Drug court program graduates its Winter 2011 class
by W. Brian Hale
Mar 05, 2011 | 3275 views | 0 0 comments | 13 13 recommendations | email to a friend | print
The Walker County Drug Court program saw the graduation of its Winter 2011 class on Friday at the Walker County Courthouse.

The graduating class of four represents the third group to have completed the program since it started in August 2010, with a total of 14 participants who have now graduated.

The program, which is overseen by Walker County Circuit Judge Doug Farris, is a deferred prosecution plan implemented by Alabama Chief Justice Sue Bell Cobb that is accomplished through cooperation between Farris, the Walker County District Attorney’s Office and the Walker County Community Corrections Department.

Open to first-time, nonviolent drug offenders, it is rigorous in both its requirements for entry and its requirements for completion. The participants are required to enter a plea of guilty for entry into the program. This plea is held in suspension until either graduation or failure has taken place. Violations result in various sanctions, leading all the way up to failure. A person who fails is sent immediately to prison, while successful completion results in a dismissal of the charges from their records. Also, any fines that are owed to the county must be paid in full before graduation. Participants in the program are required to obtain their GEDs if they lack a high school diploma, find employment and pay court costs. If those requirements are not met, participants can not graduate. The participants are also required to find gainful employment.

Approximately $40,000 in restitution and court costs have been paid back to the victims and taxpayers of Walker County since the start of the program. With an estimated cost of $42,000 per year to house an inmate in an Alabama corrections facility, the completion of the program by the 14 graduates has saved taxpayers more than $591,000 — while the program itself comes at no cost to the taxpayers of the county.

“What the participants have done in turning around their lives is simply extraordinary,” Farris said. “Some of them have taken positive steps like completing their GEDs, enrolling in college, obtaining their drivers license and others have either gained custody of their children or gotten 50/50 custody rights. The procurement of employment is also a big step — some of these participants have never had a job or only held one for a brief amount of time. Gainful employment represents the ability to take care of themselves and gives them a sense of professional pride, which they may have never experienced before.”

Steve Shaver, the program’s coordinator who works with the participants on an individual basis, has also noticed a positive effect growing among the participants — support of each other — as veteran participants, and former graduates reach out to newer members to encourage, mentor and help their junior counterparts.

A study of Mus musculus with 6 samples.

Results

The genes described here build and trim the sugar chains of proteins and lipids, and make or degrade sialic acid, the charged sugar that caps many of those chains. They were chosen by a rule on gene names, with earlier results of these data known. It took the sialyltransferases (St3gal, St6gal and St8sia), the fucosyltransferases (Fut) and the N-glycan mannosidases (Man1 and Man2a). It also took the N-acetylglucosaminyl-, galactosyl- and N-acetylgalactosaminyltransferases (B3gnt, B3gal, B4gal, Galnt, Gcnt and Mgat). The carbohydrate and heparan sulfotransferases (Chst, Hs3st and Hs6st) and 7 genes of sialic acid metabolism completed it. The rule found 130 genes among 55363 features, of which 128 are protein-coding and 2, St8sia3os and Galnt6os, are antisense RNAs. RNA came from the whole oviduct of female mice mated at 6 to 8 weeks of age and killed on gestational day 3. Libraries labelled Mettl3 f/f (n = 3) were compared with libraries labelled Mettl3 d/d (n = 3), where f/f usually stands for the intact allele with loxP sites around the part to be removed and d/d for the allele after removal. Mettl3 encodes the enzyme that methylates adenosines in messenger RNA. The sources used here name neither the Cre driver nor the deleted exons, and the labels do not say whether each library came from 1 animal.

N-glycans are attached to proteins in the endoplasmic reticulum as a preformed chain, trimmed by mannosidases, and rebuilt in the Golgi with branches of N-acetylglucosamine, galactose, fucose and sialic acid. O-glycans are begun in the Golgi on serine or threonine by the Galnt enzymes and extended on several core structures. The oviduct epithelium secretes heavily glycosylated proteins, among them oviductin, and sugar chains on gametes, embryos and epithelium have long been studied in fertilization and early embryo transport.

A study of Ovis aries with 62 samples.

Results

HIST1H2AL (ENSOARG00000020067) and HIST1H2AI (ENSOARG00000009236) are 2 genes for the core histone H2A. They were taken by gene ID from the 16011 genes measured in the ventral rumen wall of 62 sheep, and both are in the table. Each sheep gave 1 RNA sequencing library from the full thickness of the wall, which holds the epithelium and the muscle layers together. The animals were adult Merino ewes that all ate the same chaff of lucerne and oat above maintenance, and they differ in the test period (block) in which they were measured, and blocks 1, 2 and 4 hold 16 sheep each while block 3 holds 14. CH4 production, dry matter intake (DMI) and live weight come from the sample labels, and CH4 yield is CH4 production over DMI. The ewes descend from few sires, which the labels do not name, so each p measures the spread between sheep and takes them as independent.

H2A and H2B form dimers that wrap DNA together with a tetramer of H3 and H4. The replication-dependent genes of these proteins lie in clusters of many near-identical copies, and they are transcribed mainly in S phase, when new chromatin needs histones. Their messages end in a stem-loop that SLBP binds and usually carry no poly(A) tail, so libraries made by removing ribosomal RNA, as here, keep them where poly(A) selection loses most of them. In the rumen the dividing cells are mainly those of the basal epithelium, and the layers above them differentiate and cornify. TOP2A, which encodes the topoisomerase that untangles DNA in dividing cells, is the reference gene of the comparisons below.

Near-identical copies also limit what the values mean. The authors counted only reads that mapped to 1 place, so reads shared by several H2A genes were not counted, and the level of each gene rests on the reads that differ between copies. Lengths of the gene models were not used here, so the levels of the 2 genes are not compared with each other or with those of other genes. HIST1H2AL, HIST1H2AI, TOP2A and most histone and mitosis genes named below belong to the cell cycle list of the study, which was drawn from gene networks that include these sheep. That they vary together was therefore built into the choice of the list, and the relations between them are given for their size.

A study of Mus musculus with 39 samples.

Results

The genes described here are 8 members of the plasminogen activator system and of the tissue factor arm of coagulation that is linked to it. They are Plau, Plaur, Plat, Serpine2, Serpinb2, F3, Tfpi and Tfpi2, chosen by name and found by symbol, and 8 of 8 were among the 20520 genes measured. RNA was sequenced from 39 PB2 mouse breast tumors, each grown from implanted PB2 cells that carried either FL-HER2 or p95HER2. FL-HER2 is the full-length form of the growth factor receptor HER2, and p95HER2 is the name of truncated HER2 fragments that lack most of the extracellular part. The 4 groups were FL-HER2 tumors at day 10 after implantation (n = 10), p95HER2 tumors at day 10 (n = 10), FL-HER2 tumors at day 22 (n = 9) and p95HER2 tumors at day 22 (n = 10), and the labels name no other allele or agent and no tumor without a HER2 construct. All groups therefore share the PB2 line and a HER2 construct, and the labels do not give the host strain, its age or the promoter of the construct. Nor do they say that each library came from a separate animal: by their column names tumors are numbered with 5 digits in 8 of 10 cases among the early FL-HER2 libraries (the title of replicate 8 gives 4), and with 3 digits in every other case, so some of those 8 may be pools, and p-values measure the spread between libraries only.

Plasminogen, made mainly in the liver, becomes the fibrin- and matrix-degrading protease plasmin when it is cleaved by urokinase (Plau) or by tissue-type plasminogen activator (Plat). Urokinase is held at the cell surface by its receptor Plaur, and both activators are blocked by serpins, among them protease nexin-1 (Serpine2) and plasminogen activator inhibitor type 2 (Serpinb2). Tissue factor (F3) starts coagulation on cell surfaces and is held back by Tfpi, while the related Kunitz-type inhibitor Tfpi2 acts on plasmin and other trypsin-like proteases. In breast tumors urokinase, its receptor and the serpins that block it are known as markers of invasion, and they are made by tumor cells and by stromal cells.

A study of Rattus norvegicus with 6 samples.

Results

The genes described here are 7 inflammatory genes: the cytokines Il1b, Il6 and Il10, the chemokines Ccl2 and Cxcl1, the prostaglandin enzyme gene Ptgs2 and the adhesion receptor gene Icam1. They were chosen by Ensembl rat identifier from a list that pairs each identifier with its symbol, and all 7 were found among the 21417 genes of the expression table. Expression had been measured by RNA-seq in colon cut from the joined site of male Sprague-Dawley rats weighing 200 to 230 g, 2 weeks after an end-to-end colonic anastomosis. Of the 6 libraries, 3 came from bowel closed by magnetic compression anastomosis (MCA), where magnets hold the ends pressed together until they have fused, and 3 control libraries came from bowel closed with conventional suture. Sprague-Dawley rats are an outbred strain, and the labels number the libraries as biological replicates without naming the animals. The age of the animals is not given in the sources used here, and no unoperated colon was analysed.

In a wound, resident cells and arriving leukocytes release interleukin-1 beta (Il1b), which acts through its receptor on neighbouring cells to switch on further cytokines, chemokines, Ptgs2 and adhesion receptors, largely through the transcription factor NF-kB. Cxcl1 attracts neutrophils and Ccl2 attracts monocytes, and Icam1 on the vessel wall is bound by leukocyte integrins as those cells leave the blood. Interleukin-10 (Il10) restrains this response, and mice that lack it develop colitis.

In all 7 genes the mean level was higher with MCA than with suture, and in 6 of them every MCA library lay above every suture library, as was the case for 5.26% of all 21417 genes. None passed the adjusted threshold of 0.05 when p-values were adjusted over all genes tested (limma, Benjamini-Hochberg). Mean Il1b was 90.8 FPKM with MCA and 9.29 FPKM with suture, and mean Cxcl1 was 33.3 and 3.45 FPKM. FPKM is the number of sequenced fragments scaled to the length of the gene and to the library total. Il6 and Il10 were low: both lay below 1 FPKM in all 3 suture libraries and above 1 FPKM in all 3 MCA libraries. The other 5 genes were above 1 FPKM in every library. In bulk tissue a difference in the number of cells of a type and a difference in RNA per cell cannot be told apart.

“We encourage that type of support when we see it,” Shaver said. “We witness the newer participants have a bonding group with each other, then those who have been in the program longer come to our weekly reviews and share their experiences and give pep talks. It’s good for both groups in that case and we hope it continues.”

Glenda Chumley, director of Walker County Community Corrections and Court Referrals, states the closeness of the program’s workers to the participants and the support provided are the key to its success.

“I’ve been doing court referrals for 15 years and I think the drug court program’s structure and the work we do with each member has made a big difference,” Chumley said. “The accountability that each participant undertakes through their work towards their individual goals make it very effective.”

District 5 Sen. Greg Reed spoke to the participants during the graduation ceremony, challenging both those still in the program and those who were graduating to continue to work toward their goals — whether those goals were graduation from the program or paving their way to a better life.

“We should all be thankful for second chances and to be given the opportunity to make the most of who we are,” Reed said. “We receive opportunities from society and from those who love and care about us — don’t ever forget what has transpired as a result of your commitment and the opportunity that others have given to you. This is not the end of the journey for you all. It may be more difficult of a task as you move forward because many of the parts of this program that were so supportive will no longer be there. But it is up to you to keep doing the things that are good in your life that brought you to this place. Lastly, you have the opportunity to share with others who might be or have been in a similar situation and are struggling with getting their life back on track your experience. You can say, ‘I was there, but now I am here. I understand all the difficulties, I recognized all the detractors and everything they were saying — but I made it through and you can, too.’”

The graduates received plaques with the order of dismissal of their drug charges, along with pins that read “Walker County: I Achieve”, symbolizing their completion of the program.

Also in attendance were District Attorney Bill Adair and members of his staff, along with Walker County Judges Jerry Selman, Hoyt Elliott, Henry Allred and Circuit Clerk Susan Odom.